JEFFERSON CITY, Mo. (AP) — The Missouri General Assembly began its historic 100th edition on Wednesday with new faces in many places after scandals, resignations and term limits forced out many of the officials who were guiding the state just one year ago.
Republicans will continue to run the show, albeit with new leaders.
Rep. Elijah Haahr from Springfield and Sen. Dave Schatz were elected by colleagues to take over the top positions in the House and Senate after their predecessors were prohibited by term limits from seeking re-election.
Democrat Crystal Quade from Springfield is the House minority leader.
They will be working with Republican Gov. Mike Parson, who last year at this time was lieutenant governor.
Parson took over as chief executive June 1 when Republican Gov. Eric Greitens resigned while facing potential impeachment over allegations of sexual and political misconduct.
Since then, Parson has appointed former state Sen. Mike Kehoe as lieutenant governor, former state Treasurer Eric Schmitt to take over as attorney general following Josh Hawley’s election to the U.S. Senate, and state Rep. Scott Fitzpatrick to take over as treasurer.
About one-third of the lawmakers are new, replacing incumbents who either could not or chose not to run again.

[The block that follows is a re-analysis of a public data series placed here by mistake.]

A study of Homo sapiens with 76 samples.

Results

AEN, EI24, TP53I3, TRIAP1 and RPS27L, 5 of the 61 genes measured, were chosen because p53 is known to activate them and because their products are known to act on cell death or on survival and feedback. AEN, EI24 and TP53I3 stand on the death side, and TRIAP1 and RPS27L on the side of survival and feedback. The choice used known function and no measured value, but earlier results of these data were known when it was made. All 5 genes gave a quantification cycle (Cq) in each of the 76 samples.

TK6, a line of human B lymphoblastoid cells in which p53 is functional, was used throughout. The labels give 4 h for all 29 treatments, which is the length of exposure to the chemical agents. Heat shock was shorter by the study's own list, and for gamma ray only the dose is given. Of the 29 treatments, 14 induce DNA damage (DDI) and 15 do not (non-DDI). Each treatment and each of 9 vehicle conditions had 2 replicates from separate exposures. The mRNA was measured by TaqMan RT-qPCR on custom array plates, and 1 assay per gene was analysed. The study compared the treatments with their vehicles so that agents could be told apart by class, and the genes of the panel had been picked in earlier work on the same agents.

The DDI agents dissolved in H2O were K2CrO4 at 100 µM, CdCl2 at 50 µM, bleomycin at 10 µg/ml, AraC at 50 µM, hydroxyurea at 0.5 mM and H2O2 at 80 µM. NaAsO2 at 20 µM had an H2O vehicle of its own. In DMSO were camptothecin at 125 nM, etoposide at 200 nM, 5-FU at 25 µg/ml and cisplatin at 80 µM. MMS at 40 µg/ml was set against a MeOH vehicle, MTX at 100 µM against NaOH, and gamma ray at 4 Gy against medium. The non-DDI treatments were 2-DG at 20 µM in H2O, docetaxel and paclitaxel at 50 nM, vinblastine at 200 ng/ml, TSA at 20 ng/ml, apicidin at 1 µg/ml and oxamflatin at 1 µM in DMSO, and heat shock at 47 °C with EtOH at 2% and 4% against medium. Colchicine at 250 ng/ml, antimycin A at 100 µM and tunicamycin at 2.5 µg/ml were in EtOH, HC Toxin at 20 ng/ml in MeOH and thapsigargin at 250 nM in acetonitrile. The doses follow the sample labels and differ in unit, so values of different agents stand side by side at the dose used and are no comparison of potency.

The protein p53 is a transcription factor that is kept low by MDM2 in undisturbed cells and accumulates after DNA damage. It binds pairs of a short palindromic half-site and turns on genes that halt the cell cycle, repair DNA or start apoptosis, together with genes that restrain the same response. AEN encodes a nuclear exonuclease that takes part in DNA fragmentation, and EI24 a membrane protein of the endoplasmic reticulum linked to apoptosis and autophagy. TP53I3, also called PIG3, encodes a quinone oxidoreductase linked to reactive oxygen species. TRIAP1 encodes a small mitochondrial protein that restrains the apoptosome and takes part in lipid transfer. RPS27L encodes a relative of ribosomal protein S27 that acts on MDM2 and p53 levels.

House Republicans hold a 115-47 majority over Democrats with one vacancy, the seat to which Fitzpatrick had won re-election. Senate Republicans hold a 24-10 majority over Democrats.
Parson has said he wants to focus on workforce development and infrastructure.
But that latter goal will be complicated by the fact that voters in November rejected a proposed gas tax hike that would have raised hundreds of millions of dollars for roads and bridges.
The governor and incoming legislative leaders also have said they would like to revise a voter-approved constitutional amendment that changes Missouri’s criteria and procedures for redrawing state legislative districts after the 2020 census.
The new formula is expected to boost Democrats’ chances of winning seats.
Any changes would have to be referred back to voters in the form of another constitutional amendment.
Missouri lawmakers will be crafting a budget amid more uncertainty than usual, as the state simultaneously deals with the effects of federal and state income tax changes while also considering changes to state sales tax collections.
Parson and legislative budget leaders are forecasting modest 1.7 percent growth for the current budget that ends June 30, although revenues through the first half of the fiscal year were down 2.9 percent.
They are projecting an additional 2 percent growth for the 2020 budget that they will prepare this session.
Lawmakers are expected to consider changing state sales tax laws to require out-of-state vendors to collect taxes on items sold to Missouri residents — something made easier to accomplish by a U.S. Supreme Court ruling last year.
Other issues likely to draw debate include the adoption of a statewide prescription drug database intended to cut down on opioid abuse and the legalization of sports betting.
Lawmakers plan to participate in a rare joint session of the House and Senate on their first day of work in order to take a group photo commemorating the start of the 100th General Assembly.
The Legislature’s terms are numbered in two-year increments, and Missouri is approaching the 200th anniversary of gaining statehood in 1821.